Correction to This Article
A July 18 article misidentified the unit commanded by Marine Corps Brig. Gen. Carl Jensen, who leads a task force coordinating the evacuation of U.S. citizens from Lebanon. Jensen is the commander of Expeditionary Strike Group Three, not the 24th Marine Expeditionary Unit.

U.S. Prepares Huge Lebanon Evacuation

Daniel Pierret, 6, hugs grandfather Mohammed Soubra as mother Sawsan cries before she and her son were evacuated from Beirut with hundreds of other French citizens.
Daniel Pierret, 6, hugs grandfather Mohammed Soubra as mother Sawsan cries before she and her son were evacuated from Beirut with hundreds of other French citizens. (By Kevork Djansezian -- Associated Press)
By Josh White
Washington Post Staff Writer
Tuesday, July 18, 2006

U.S. Marine Corps helicopters ferried 42 Americans to safety at a British air base in Cyprus yesterday as officials moved closer to a massive evacuation of thousands of U.S. citizens from besieged Lebanon.

The military began discussing plans to move an expeditionary strike group that includes 2,200 Marines to the Mediterranean Sea and hired a private cruise ship to take evacuees from Beirut to Cyprus, possibly as soon as today, U.S. officials said. The State Department advised U.S. citizens to avoid individual evacuations via increasingly dangerous Lebanese roads and border crossings with Syria.

Marine CH-53 Super Stallion helicopters evacuated about 65 people from Lebanon on Sunday and yesterday, and 50 more Americans were set to arrive in Cyprus early this morning on a French ship, according to State and Defense department officials.

As the conflict between Hezbollah and Israel has intensified, U.S. officials have begun what could become the largest evacuation since Americans exited Liberia a decade ago. State Department officials estimated that roughly 25,000 Americans are in Lebanon, 15,000 of whom had registered with the embassy by yesterday.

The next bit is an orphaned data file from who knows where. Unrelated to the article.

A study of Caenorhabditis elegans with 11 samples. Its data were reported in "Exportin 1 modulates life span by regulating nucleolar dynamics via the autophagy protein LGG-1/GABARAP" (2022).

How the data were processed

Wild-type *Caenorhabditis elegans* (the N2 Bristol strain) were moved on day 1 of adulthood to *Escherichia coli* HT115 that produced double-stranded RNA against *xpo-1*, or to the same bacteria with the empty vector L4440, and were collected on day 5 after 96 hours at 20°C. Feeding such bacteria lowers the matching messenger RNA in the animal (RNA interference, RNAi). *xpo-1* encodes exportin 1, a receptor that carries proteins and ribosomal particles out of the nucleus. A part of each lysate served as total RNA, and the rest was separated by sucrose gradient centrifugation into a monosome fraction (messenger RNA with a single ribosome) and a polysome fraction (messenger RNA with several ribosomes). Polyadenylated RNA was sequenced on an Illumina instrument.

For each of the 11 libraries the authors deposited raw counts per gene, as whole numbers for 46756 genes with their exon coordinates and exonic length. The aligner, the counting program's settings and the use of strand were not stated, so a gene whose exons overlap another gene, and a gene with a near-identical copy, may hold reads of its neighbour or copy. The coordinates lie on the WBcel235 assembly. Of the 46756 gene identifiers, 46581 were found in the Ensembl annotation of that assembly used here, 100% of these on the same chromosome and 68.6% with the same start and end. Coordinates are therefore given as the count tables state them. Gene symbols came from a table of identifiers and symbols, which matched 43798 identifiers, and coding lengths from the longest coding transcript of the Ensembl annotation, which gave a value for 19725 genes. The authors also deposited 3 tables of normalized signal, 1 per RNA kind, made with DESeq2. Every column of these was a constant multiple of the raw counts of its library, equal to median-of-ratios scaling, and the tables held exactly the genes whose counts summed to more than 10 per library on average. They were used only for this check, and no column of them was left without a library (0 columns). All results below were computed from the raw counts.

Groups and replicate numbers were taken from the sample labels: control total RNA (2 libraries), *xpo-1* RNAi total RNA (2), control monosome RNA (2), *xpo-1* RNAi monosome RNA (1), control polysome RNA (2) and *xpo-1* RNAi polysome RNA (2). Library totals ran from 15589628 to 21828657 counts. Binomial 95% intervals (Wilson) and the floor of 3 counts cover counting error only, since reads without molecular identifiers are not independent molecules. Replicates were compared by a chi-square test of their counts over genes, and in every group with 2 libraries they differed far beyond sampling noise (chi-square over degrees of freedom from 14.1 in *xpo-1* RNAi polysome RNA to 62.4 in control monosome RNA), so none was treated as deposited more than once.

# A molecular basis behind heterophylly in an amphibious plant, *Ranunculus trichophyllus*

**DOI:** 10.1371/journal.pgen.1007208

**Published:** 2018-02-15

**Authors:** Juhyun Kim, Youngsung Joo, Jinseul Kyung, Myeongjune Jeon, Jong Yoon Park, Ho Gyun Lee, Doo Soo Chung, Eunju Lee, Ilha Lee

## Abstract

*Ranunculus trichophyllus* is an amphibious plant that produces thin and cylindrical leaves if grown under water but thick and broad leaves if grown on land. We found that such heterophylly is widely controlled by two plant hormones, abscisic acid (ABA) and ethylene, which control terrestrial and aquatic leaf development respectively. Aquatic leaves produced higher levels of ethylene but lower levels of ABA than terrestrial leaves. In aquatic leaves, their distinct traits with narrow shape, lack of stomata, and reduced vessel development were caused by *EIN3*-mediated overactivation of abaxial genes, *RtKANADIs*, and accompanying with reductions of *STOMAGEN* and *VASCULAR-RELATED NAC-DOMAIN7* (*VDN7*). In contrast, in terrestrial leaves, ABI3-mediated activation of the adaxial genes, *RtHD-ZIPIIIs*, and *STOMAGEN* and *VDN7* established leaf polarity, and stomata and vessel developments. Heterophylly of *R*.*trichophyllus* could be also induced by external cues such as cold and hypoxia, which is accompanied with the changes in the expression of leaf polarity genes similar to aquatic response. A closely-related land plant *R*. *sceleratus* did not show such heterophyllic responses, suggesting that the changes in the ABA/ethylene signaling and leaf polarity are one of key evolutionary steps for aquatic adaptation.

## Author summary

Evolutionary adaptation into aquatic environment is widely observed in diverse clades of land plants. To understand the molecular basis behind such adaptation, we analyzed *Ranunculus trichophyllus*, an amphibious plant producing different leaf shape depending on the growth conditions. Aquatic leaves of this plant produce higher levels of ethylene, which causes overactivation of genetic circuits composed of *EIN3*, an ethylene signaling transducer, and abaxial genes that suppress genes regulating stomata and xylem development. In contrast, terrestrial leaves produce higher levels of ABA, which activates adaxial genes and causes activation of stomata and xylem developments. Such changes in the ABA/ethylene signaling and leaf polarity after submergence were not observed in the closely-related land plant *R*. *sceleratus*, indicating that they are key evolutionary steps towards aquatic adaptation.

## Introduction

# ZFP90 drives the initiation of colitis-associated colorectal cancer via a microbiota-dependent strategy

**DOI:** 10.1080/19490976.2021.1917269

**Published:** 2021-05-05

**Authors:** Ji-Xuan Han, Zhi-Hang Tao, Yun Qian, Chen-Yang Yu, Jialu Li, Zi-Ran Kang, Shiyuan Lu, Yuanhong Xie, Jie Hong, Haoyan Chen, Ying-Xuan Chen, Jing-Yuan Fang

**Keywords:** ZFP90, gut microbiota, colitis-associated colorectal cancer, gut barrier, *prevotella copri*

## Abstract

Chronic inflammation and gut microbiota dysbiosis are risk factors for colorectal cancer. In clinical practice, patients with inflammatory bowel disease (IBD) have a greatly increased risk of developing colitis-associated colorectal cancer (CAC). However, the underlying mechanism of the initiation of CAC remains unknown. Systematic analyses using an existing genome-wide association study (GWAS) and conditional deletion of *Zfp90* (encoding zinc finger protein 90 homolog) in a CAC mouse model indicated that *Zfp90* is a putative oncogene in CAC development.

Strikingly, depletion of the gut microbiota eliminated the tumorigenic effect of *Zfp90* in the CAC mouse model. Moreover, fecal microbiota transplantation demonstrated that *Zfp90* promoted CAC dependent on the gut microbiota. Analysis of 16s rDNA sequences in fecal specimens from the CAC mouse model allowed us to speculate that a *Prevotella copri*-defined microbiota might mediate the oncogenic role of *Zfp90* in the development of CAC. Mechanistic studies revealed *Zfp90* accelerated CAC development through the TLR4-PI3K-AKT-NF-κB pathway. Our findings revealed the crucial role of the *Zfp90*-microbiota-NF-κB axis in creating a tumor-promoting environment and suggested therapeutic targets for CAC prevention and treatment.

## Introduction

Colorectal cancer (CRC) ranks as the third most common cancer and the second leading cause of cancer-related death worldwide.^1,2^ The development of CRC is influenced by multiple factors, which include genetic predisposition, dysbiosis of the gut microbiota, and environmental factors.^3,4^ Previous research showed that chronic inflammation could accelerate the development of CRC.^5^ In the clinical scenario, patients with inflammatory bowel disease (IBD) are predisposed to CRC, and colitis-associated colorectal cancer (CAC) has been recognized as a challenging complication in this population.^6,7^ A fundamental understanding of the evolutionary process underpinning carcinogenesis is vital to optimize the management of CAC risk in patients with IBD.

But the United States appeared to lag behind several other countries that have already evacuated hundreds of their citizens in the wake of the Israeli attacks. Some nations rented buses and sent people by road into Syria and on to Jordan, a route U.S. officials have deemed too dangerous.

Italy and France have evacuated more than 1,000 people between them, while Denmark has started evacuating 2,300 of its citizens and Sweden 850, according to the Associated Press.

Britain has managed a few evacuations, with helicopters landing near Beirut to take a few dozen passengers away yesterday and warships heading to Lebanon to take hundreds more in coming days. Syrian officials have estimated that tens of thousands of people have fled over their border in the past week.

The U.S. Embassy in Beirut yesterday sent messages to U.S. citizens there that it is monitoring the situation closely and is "reviewing all options for assisting Americans who wish to depart Lebanon." Because Beirut's international airport was closed after it was severely damaged by Israeli attacks, U.S. officials were relying on helicopters and ships as potential major evacuation methods.

Tom Miller, a spokesman for the U.S. Embassy in Cyprus, said authorities there are planning on 2,500 to 6,000 U.S. evacuees arriving over the next few days. With Cyprus at the height of its tourist season and few hotel rooms available, Miller said embassy officials hope to use school dormitories and a local fairground to house them while arranging their return to the United States on commercial airlines.

"It's going to be fairly large-scale," said Miller, who anticipated logjams at airports in Cyprus.

The State Department urged U.S. citizens to remain in safe locations, advising against the drive to Damascus.

"Americans who attempt such crossings are advised to exercise great caution when traveling on major roads as they are subject to an air strike at any time," read the State Department statement to U.S. citizens in Lebanon. Israeli bombs over the past few days have targeted the roads leading to Syria.